The Health Promotion and Genomics (HPG) Lab, directed by Dr. Lei Shih Chen, was established in 2009 to focus on the cutting-edge field of public health genomics. The field of public health genomics is linked to other research areas in which Dr. Chen are interested in. These include, but not limited to, genetic testing/screening, cancer prevention and control, health disparities, and health education.
The primary mission of the Health Promotion and Genomics Lab is to train and engage health educators to maximize the benefits of genomic discoveries and minimize the potential harm to the lay public and underserved populations.
“Because genomic advances bring the promise of personalized health care and health promotion, the full impact of genomics on public health remains unknown. Further, most health educators are not prepared to adopt genomic competencies in their practice,” says Dr. Chen.
Currently, the Lab is developing, implementing and evaluating an evidence-based cancer genomics training program for practicing health educators. This is the first training program of its kind for health educators. Dr. Chen hopes this project impacts the provision of prevention and control services by:
Additionally, the HPG Lab is conducting an international comparison project to examine the awareness, knowledge, attitudes, and education needs for autism genetic testing among American and Taiwanese parents of children with autism spectrum disorders. This is a timely topic because the number of children diagnosed with autism spectrum disorders has increased and the technology for autism genetic testing has improved. Dr. Chen hopes this research will shed light on the similarities and/or differences among U.S and Taiwanese parents' perspectives regarding autism genetic testing.
Finally, the HPG Lab is working with several major Chinese American communities in the Southern U.S. to examine Chinese Americans’ views and knowledge regarding genomics. Because there is a paucity of literature in this area, Dr. Chen hopes this project can reduce genomics-related health disparities.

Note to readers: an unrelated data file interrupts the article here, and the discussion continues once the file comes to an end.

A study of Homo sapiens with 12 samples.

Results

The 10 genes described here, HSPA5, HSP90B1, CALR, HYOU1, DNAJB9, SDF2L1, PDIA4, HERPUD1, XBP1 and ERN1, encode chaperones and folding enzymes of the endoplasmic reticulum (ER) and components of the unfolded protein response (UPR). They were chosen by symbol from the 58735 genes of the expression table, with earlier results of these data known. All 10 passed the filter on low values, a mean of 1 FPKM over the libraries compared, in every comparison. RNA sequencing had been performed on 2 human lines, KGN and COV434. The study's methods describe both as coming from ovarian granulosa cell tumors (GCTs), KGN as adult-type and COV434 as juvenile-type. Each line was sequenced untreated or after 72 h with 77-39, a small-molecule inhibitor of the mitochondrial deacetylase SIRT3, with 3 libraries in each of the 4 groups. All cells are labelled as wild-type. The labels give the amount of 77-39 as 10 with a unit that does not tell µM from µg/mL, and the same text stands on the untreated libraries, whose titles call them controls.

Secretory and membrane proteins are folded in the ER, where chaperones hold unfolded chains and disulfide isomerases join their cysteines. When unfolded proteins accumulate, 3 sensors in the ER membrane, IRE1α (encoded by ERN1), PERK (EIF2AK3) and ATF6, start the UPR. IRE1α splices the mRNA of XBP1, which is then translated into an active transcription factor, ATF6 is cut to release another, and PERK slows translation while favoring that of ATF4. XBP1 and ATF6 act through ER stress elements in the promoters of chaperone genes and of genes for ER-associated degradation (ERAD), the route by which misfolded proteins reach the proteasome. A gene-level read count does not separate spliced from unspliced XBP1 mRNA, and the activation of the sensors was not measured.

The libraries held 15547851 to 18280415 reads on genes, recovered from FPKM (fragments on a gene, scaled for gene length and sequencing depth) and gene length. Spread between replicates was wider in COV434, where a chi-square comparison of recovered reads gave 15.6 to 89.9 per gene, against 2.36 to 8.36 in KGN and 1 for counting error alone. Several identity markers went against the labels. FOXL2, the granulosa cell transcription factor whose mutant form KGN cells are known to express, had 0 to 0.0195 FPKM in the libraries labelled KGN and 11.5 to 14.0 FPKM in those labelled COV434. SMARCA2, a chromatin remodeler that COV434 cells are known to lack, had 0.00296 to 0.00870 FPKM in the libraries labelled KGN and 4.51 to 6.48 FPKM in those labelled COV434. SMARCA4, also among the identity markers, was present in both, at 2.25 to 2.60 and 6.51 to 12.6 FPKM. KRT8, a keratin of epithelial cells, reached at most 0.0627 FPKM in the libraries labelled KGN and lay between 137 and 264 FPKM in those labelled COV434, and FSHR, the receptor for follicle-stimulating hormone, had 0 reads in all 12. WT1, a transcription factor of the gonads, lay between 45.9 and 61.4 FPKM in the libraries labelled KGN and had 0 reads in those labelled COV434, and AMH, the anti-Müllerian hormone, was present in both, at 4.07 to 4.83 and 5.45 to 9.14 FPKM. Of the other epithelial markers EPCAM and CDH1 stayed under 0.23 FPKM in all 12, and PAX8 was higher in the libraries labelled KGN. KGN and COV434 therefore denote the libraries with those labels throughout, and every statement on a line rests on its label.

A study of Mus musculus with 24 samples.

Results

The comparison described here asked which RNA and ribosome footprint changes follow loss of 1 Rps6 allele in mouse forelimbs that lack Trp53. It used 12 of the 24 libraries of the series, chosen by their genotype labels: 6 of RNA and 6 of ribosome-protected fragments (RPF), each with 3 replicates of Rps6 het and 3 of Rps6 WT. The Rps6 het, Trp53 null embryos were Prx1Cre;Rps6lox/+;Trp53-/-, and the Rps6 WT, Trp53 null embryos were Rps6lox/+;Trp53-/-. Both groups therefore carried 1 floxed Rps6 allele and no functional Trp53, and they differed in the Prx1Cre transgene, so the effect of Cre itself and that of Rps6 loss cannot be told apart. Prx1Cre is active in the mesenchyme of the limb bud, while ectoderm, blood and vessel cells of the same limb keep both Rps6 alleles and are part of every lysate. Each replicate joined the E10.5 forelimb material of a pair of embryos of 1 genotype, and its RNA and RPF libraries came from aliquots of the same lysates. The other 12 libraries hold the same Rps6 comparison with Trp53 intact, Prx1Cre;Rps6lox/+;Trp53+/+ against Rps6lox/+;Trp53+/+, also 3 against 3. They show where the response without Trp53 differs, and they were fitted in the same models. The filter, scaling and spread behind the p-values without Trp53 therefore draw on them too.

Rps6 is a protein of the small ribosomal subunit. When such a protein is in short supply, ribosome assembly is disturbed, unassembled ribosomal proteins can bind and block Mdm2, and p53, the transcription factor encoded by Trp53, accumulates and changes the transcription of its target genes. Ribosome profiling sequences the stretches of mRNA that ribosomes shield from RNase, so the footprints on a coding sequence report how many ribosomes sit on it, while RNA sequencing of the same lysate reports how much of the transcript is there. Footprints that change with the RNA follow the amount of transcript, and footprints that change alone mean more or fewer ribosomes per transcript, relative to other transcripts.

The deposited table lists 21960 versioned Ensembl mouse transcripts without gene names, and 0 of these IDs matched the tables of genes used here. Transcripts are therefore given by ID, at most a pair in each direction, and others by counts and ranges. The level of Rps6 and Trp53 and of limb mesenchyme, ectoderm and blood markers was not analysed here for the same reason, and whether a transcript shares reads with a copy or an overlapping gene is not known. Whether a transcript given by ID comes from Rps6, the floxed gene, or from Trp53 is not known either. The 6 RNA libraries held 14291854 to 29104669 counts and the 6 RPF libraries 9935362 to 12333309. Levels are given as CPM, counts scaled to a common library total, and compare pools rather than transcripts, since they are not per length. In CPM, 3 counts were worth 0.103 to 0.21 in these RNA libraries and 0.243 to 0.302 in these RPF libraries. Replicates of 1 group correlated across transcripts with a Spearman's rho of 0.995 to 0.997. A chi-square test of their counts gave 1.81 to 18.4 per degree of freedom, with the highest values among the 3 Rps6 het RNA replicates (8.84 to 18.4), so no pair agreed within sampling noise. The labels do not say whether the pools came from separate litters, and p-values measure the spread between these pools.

Dr. Chen’s career dream is to have a lasting impact on the health education profession, particularly the health educators. Consequently, an important part of the lab is training the next generation of health education researchers. Students in the Health Promotion and Genomics Lab participate in weekly group meetings where they present and discuss their projects. This provides an opportunity for students to learn research skills and ethics. Further, the group meetings create a team-learning atmosphere and facilitate potential collaboration among all the students. Both graduate and undergraduate students conduct and assist with Health Promotion and Genomics Lab activities, including writing and submitting articles and abstracts and conducting state and national presentations. Dr. Chen’s expectation for her students is to be top researchers in the field.
The Health Promotion and Genomics Lab has received support from numerous communities, funding agencies, universities and many other stakeholders. “When we publish manuscripts and give presentations at professional conferences, this is not only our own work – it is the work of many people. Thus, I hold myself and my students to a high level of integrity so that our work reflects the truth of science and the voice of the communities and participants with whom we work”, says Dr. Chen.
To learn more about the Health Promotion and Genomics Lab, visit the Lab website at http://lacechen.tamu.edu.